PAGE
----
This holiday season, some U.S. book printers are reporting a surprising holiday crunch. E-books have declined in popularity in recent years: according to the NPD Group, sales peaked in 2013 and dropped nearly 30 percent by the end of last year. Meanwhile purchases of print books have steadily recovered, increasing 10 percent over the same period. That’s left an industry that reduced its book-making capacity over the years scrambling to supply holiday orders.
In the wake of the financial crisis and the rise of the e-reader, book printing companies went out of business. Even large companies that survived decided to shutter plants dedicated to book manufacturing. But then something strange happened.
“On the way to the funeral of the book, it actually didn't die,” said Jim Fetherston, president of the Book Manufacturers’ Institute. While physical book sales have picked up, he saw membership at the association decline 8 percent between 2017 and 2018. For the first time in a decade, he says the industry is seeing more demand than it can supply.
He says his own book printing company, Worzalla Publishing in Wisconsin, has been working at maximum overtime for several months with no room to expand the schedule.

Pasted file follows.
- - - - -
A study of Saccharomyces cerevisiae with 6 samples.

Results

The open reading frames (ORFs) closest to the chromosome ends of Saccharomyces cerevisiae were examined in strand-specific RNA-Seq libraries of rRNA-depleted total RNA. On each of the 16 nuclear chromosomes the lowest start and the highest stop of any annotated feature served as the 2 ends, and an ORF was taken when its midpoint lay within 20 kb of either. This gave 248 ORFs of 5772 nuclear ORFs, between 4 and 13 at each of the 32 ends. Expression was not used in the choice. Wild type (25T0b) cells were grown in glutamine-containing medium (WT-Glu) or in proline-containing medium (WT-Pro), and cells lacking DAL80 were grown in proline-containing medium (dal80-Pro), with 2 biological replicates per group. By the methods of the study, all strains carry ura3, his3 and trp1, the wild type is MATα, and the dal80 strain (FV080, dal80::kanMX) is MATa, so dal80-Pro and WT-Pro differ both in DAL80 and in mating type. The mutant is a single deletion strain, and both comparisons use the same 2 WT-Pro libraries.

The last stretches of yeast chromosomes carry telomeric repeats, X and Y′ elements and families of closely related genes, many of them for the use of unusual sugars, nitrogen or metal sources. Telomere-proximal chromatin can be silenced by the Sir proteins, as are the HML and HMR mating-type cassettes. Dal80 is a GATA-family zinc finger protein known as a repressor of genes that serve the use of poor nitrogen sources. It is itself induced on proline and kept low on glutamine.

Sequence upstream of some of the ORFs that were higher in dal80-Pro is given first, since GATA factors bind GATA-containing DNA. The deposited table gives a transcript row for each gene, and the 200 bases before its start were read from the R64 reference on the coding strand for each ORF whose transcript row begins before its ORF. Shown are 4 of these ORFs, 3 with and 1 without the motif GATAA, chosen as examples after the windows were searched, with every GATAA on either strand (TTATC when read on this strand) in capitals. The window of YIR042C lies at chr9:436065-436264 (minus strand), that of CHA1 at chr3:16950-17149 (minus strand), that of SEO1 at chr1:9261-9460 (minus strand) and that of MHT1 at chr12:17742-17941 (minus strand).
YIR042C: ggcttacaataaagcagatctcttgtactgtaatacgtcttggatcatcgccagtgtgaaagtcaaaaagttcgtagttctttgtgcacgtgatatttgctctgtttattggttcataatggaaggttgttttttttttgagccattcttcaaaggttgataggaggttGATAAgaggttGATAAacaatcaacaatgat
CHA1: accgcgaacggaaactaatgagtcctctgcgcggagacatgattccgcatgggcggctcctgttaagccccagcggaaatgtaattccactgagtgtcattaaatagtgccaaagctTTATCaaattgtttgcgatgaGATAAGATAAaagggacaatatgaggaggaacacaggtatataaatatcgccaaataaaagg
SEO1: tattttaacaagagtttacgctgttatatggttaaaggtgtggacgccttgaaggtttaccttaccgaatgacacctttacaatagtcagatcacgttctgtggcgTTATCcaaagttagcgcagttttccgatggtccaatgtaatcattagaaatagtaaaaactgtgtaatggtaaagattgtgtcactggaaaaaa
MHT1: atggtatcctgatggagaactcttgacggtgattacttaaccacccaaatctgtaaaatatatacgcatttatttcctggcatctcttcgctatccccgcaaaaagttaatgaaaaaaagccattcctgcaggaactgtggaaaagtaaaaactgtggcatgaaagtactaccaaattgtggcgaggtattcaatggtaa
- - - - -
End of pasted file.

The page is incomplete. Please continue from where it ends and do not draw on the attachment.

“We've been working pretty much seven days a week, 24 hours a day,” he said. “We’ve got a pretty tired workforce. They’ve been working very hard this fall.” He estimates his company turned down several million dollars in orders this holiday season.
“We’ve actually had to use presses that are not traditionally used for book manufacturing,” said Patrick Henderson, the director of government affairs for the commercial printing company Quad/Graphics. Henderson says it’s taking a lot of overtime, and a bit of hustle, to make sure popular titles don’t go out of stock. But in some respects, he says an increase in orders is a good problem to have. Moving into the new year, he says more investments are needed and his company will work to ensure it has enough book printing capacity for the future.